YPulse Mashup: Opening Hellos from SF, and a Doe-Eyed Dip into Convergence Culture
Anastasia Goodstein is conducting the welcome for the YPulse Mashup as I sit here. She's got this tone that reminds me a lot of the teens in the Bay Area I grew up with.
I should start by explaining the reason the Mashup exists. The idea behind this conference is to mash up all shades of people that share a common interest - a sincere love of teen-kind, according to Madame Goodstein.
These include marketers, youth pastors and other unlikely cocktail ingredients. Already I've met widget builders, a number of journalists (both digital and traditional), video game pushers, consultants, manga-lovers (that was a fun conversation), and even a woman whose company is a major lifestyle and team-building brand for cheerleaders.
Another interesting thing about the conference is that presenters aren't allowed to bring their own PowerPoint presentations, meaning we're saved from the polite shuffle to often seen at so many other conferences - rhetorical jibjab that thinly veils a boring, generally unhelpful product pitch.
The keynote on Convergence Culture has begun, kicking off with Danah Boyd of the Annenberg Center for Communications, and Harry Jenkins of MIT.
I swear I'm back in an American studies class. Both seem to have a lot to say about Harry Potter, a veritable force of nature that defied the idea that the killer blockbuster series is dead, and brought young and old together in shared storytelling love all over the world.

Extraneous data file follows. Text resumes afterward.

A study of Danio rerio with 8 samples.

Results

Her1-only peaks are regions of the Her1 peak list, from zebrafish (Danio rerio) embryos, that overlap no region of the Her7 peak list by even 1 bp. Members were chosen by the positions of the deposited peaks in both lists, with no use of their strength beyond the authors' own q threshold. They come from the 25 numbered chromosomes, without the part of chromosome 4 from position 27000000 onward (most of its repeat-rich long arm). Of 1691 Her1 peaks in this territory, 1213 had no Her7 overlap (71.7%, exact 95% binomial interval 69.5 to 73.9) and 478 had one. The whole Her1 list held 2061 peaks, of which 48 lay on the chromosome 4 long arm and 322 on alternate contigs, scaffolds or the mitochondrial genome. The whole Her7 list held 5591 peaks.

This conversation drifts into fan culture, and how a demand for Harry Potter - or any information, really - sees more sophisticated manifestation in the digital age. When Harry Potter VI was held back in China, users actually took an online wiki and translated it over a period of 48 hours in order to get their fix.
Danah Boyd made waves in the blogosphere some time ago by pointing out fairly clear economic and class differences between users on MySpace and users on Facebook. When MySpace launched, it did so on the backs of friend-stuffed users like Tila Tequila, who boasts a huge fan demo of multi-ethnic racer boys and import model wannabes, among others.
Facebook, however, experienced a more terraced awakening. Once exclusive territory for Ivys, it expanded slowly across self-important "good schools" before broadening itself - to preppy co-eds' chagrin - to universities at large. It's since opened to high schools and metros. Now anyone can join.
But the look and feel of MySpace and Facebook betray their roots and, to a degree the viewing experience of their respective users - an experience that reflects major class, education and economic differences.
Interesting stuff. But enough about that. Underlying this discussion is a question we're all trying to wrangle: what is the difference between teens today and teens from previous generations?
I've got my own theories - more on that later. In the meantime, it looks like the point of this convergence culture discussion is that as information grows more fluid and users become more sophisticated, age matters less and specialization is dying.
There's no consistency in what the savvy digital user knows. And that's due in great part to the way we've been able to transfer information on social networks, wikis and even torrents. This also means that certain subcultures, largely left voiceless, suddenly have a powerful platform for airing their views. (Remember the Facebook Newsfeed fiasco?)
So the point is, don't fight these forces. We couldn't anyway.